Sunday, May 9, 2010


When I think about Mother's Day, I am torn between my memories of our daughters and their home made cards, breakfast in bed and mimosas made by Glenn, and my memories of Bettie Dietel Collis.

I thought my mother was a queen. To me she was elegant and beautiful. I wondered at times how she ended up in such an ordinary life. I could see her sitting on the cote d'azur, with a long tall drink in her hand, being waited on by tanned waiters with admiring glances.

A child's view of their mother can erase all the blemishes, leaving only the golden image of perfection, we know doesn't really exist. I know my mother had her insecurities. For example, she used to say she would have liked to open a dress shop, but she didn't think she was smart enough. She would say she couldn't cook very well, and then turn out a meal fit for a king. Her insecurities stopped her from venturing beyond the comfortable.

She put her family before herself.

As a trusting and loving Mom, she became the target of a few of my brother's practical jokes, like the boa constrictor in her lingerie drawer, or when she had her hair dye on, in the middle of the kitchen, how he yelled out "MOUSE!" to leave her screaming and leaping steps to the top of the sofa, blue dye flying to the ceiling, totally dissolved in tears.

She was wise at times. She could always catch me in a fib. I got caught a lot! Like the time I insisted I hadn't broken into the house (when I had). She told me the police had come and taken finger prints and they would know who broke into the window. Slowly she wore away at my transparent denial until I collapsed under the pressure.

She would tell me I was talented. Ironically her example helped create some of my own doubts and self effacing tendencies. But it was her example I held close when I was diagnosed with Breast Cancer. My mother spent the 11 months she had after her cancer diagnosis taking care of her family. She wanted to be sure everyone was alright. The night before she went into the hospital for the last time, she made meat loaf for my father and brother and sister.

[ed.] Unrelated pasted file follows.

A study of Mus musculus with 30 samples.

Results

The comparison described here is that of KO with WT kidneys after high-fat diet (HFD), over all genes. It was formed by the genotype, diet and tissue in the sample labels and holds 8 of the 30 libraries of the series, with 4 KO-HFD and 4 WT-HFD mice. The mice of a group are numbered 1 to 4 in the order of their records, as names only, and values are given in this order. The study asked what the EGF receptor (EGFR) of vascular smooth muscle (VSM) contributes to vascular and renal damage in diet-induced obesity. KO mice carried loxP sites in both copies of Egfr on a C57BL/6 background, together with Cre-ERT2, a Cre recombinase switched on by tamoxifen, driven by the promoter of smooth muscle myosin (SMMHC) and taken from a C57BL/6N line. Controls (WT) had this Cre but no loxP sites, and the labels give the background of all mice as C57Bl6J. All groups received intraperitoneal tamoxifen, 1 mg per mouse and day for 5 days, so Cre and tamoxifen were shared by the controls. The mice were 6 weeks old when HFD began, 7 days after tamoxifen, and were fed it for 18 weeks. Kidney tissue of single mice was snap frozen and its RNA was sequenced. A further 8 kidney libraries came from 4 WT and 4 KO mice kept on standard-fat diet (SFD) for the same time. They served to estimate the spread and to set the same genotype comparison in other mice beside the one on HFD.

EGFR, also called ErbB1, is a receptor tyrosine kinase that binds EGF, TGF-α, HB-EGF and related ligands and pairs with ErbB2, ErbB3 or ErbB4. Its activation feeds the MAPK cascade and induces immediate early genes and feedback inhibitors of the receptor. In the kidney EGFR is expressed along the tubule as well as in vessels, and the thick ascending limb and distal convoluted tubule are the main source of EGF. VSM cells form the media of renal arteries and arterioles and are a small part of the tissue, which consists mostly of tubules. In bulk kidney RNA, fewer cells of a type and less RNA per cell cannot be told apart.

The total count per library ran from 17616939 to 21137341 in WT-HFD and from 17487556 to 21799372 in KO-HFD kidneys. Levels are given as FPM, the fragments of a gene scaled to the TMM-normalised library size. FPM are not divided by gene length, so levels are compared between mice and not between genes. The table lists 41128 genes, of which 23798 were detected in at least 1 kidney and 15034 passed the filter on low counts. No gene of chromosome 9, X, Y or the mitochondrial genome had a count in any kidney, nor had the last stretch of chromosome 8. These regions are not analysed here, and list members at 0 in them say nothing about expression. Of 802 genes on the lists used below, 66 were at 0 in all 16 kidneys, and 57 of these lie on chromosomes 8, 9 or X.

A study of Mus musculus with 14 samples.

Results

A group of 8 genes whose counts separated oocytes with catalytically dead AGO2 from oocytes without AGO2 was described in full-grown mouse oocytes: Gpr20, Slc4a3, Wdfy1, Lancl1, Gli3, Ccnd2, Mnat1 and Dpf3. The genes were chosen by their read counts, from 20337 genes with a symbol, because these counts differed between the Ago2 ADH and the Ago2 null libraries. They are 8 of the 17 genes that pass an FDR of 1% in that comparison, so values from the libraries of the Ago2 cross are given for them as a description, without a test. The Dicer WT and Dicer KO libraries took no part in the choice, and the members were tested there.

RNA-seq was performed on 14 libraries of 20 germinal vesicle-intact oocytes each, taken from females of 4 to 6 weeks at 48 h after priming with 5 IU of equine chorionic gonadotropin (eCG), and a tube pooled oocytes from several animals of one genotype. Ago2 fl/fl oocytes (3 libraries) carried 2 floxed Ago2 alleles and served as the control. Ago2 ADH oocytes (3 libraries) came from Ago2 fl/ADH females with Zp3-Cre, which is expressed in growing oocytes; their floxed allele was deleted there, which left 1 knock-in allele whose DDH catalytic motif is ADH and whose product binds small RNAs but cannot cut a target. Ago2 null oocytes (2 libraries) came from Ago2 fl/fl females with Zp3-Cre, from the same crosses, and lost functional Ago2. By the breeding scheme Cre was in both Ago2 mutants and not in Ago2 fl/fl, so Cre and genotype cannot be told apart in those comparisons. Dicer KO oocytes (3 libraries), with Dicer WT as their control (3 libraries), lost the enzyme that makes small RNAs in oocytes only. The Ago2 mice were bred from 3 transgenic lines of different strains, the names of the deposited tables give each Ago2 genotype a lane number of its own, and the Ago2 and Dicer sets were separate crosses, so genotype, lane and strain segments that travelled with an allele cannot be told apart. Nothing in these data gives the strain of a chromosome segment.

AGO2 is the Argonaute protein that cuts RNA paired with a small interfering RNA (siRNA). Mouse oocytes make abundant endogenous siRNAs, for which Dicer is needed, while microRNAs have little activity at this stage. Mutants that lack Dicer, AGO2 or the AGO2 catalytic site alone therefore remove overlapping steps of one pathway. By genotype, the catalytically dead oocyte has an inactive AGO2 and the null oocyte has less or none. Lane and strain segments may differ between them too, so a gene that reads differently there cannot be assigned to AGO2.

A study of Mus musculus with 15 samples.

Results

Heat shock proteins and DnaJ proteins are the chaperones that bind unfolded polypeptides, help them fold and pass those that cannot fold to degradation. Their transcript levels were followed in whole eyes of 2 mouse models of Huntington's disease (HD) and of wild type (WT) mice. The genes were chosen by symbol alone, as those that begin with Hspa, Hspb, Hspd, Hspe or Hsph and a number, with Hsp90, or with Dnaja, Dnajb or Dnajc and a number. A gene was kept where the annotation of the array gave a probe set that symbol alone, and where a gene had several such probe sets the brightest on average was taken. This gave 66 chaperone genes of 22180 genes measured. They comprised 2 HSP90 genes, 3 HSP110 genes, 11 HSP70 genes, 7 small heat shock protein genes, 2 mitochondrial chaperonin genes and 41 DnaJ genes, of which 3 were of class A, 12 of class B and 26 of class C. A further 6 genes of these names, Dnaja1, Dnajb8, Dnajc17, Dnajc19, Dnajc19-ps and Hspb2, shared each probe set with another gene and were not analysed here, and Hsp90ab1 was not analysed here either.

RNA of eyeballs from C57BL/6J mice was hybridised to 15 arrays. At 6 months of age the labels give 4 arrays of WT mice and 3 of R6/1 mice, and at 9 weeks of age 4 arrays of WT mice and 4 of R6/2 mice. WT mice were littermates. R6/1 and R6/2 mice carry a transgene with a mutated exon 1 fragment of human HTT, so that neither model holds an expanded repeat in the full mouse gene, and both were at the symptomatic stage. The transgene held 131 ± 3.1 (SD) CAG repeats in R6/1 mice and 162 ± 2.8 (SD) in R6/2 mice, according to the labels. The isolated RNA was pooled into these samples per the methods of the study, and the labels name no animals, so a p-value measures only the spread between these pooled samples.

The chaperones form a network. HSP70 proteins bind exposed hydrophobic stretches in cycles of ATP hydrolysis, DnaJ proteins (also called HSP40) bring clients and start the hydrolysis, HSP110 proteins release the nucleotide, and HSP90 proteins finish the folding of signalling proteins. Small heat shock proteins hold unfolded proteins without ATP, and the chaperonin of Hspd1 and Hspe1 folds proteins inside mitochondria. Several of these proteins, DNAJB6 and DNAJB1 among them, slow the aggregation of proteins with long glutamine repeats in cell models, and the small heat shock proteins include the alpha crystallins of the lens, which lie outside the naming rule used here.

Her strength taught me a lot, but her insecurity taught me a lesson too. She never questioned her doctors. She would have thought it rude. I went with her to her chemotherapy appointments and the doctor didn't much care for my interference. One time in particular I questioned a drug he was using. At the time I worked for Merck who was the maker of that drug. I had actually checked with the person who developed the drug to see if the use was appropriate. He assured me the dose should have been lowered long before. I asked my Mother's doctor about it and he brushed the idea off. I asked my Mom to go to outside for a moment. "it seems you don't know this woman. Her name is Bettie Collis. She doesn't know how to complain. But I have seen her and she is in immense pain. I am asking you to consider what the developer of this drugs has to say." "You sound just like a first year medical student he said......dismissing me." A week later she was dead, partially from a side effect of that drug. Yes, I learned the lesson, always question your doctors until you are convinced you and they are on the right track. I learned when you are sick, it is ok to ruffle a few feathers.

From Bettie Collis, I learned that you stand up straight, but don't hold your shoulders up about your ears. I learned that you don't walk like a duck or a horse because you are a woman. I learned I was the moon and the stars and everything bright and beautiful. When I see a commercial that is particularly emotional... I think of how many of those she would cry about. Or how she would break into tears when she saw a little old lady on the street with a hunched over back."They are all by themselves," she would worry. On these holidays I think of how much children were robbed of the warm glow they would have felt being in her presence. I think of how she would have loved them, and how happy she would be that I found a fine man in Glenn.
I miss her. I miss her everyday.

And on Mother's Day I only hope I have been 1/4 of the Mother she was to me.